A group of hobby hackers is planning to launch its own constellation of internet satellites to dodge terrestrial censorship.
While the ground-based campaign against the likes of the Stop Online Piracy Act (SOPA) and the Protect IP Act (PIPA) continues, one group of hackers has announced its intention to try and remove nationally-controlled internets from the equation altogether by hosting its own service via private satellites and a series of groundstations. The effort is known as Project HGG (Hackerspace Global Grid), and forms part of an attempted escape from the feared censorship of the internet.
The people behind Project HGG, who describe themselves as "a bunch of hobbyist hackers, tinkerers and part time scientists," came up with the idea when "hacktivist" Nick Farr called for an uncensorable "Hacker Space Program" in August at the Chaos Communication Conference 11 in Berlin. The core team behind Project HGG are based around Stuttgart, Germany.
The project is working with Constellation, an existing German (but English-speaking) platform for aerospace research, to bolster its processing power.
Described by one of its core members as "a kind of reverse GPS," Project HGG will aim to link its satellites to small, individual groundstations which people would be able to purchase for around $130. These static groundstations would form a global network of sorts at the same time as pinpointing the location of the project's satellites, ideally making data transfer quicker and more reliable. The group hopes to have the first of its groundstations available for purchase at the next Chaos Communication Conference later this year.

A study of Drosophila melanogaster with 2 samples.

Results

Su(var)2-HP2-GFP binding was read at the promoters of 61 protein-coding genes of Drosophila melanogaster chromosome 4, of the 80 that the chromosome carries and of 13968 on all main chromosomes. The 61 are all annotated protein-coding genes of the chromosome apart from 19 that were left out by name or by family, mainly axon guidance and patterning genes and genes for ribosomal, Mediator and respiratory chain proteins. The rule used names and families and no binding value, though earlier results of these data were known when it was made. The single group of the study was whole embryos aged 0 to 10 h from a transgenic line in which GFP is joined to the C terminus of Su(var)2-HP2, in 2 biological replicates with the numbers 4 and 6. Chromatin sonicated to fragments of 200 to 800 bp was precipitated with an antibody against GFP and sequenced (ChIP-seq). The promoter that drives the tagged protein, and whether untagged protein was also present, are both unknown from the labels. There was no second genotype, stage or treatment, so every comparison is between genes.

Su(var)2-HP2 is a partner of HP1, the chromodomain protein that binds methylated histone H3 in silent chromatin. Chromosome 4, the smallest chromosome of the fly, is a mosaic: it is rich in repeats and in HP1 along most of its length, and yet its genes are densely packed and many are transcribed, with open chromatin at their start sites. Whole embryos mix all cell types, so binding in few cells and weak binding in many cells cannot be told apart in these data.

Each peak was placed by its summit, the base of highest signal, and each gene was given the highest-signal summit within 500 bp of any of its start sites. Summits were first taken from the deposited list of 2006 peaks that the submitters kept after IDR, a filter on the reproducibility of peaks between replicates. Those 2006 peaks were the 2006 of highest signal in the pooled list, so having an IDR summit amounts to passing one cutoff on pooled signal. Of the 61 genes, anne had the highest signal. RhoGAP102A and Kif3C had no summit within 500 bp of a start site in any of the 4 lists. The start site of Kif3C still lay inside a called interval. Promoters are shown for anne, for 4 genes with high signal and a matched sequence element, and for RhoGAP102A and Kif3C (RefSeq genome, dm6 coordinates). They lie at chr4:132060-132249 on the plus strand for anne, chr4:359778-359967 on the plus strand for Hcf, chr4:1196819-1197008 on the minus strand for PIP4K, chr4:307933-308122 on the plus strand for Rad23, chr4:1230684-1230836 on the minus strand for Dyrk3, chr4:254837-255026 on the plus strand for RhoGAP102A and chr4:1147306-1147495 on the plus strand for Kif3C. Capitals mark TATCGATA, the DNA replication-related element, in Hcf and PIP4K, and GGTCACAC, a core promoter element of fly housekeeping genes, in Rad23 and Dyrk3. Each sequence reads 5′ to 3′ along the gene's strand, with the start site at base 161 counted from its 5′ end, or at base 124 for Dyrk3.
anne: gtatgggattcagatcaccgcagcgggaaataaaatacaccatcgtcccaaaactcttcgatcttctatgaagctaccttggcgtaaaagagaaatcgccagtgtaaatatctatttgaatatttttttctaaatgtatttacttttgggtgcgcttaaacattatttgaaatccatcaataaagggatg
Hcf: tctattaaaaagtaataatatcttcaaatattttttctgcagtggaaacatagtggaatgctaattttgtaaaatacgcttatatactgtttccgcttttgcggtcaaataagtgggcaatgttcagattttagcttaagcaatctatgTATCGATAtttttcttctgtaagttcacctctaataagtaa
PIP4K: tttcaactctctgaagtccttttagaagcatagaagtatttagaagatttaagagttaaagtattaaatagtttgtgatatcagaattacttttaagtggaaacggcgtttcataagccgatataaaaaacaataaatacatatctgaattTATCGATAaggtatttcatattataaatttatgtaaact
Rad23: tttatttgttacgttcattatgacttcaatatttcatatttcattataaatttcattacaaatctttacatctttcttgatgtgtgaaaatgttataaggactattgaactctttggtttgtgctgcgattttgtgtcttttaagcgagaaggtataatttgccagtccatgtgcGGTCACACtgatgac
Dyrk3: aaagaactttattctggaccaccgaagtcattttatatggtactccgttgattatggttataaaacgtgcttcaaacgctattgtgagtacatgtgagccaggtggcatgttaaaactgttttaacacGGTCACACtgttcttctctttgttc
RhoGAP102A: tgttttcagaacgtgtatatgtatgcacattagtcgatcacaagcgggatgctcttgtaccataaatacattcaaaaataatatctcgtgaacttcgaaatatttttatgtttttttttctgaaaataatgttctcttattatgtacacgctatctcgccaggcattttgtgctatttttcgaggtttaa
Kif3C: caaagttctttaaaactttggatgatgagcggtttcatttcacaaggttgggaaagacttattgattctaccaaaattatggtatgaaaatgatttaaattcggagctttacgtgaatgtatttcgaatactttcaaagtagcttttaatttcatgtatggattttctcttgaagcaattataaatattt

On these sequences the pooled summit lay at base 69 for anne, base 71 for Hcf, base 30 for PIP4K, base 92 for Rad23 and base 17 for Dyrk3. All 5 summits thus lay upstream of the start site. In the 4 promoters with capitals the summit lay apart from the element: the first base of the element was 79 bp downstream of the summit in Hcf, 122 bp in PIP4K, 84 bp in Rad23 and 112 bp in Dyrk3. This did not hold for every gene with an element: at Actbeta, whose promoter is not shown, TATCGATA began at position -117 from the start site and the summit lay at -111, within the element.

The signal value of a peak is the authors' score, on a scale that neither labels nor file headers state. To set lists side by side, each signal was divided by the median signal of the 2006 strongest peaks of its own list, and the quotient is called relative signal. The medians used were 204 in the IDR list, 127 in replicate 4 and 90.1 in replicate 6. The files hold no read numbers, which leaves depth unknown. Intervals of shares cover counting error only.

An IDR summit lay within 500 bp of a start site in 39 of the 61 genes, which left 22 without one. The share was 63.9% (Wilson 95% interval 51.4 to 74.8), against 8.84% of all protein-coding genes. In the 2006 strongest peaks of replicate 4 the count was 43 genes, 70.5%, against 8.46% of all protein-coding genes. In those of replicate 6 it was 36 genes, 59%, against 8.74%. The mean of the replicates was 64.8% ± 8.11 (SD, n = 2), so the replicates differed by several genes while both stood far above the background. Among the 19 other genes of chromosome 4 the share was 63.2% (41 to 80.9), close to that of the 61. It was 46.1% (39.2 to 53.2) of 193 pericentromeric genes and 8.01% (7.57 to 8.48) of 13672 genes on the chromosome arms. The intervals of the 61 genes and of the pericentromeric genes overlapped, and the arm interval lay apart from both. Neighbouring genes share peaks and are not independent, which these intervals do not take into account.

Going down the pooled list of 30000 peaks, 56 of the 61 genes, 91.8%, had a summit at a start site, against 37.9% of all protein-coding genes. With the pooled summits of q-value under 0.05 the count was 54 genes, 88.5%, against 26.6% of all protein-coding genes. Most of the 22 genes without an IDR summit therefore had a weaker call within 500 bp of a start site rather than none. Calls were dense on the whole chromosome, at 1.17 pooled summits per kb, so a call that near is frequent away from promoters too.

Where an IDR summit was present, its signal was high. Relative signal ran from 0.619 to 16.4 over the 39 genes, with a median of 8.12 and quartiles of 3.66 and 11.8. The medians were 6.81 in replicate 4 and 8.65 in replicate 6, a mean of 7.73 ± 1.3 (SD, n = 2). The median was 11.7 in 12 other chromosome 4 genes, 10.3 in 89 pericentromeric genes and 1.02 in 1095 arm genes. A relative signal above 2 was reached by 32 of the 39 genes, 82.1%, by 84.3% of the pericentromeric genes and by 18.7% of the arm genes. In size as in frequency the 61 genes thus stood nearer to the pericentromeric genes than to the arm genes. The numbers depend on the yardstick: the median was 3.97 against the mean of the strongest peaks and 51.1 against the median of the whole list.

Could this really work, though? The answers to that question seem to range from "no" to "probably not, no." According to Professor Alan Woodward of the University of Surrey's computing department, launching an amateur satellite is technically possible. Unless it was geostationary (a satellite which stays above a fixed point on Earth), however, the satellite would just whizz past the groundstations without giving them much time to exchange information. Then again, a geostationary satellite has to be so far away from the planet that there would be a noticeable delay in data transfer times.
There's also the question of which national body, if any, would have jurisdiction over the project's proposed satellites. "There is also an interesting legal dimension in that outer space is not governed by the countries over which it floats," said Professor Woodward. "So, theoretically it could be a place for illegal communication to thrive. However, the corollary is that any country could take the law into their own hands and disable the satellites."
It'll be interesting to see where this project leads. While it continues its slow-burning progress, however, the kinds of things which Nick Farr said the project was a protest against are picking up speed. Having been delayed over the holiday break, SOPA is now back on the debating bar, and PIPA won't be far behind it. Erring on the side of the non-affiliated internet satellite network of the future either not working or being a little late to the party, here are a few things you can do to help stop SOPA in the meantime. If you're interested in helping out with Project HGG too, hit this link right here.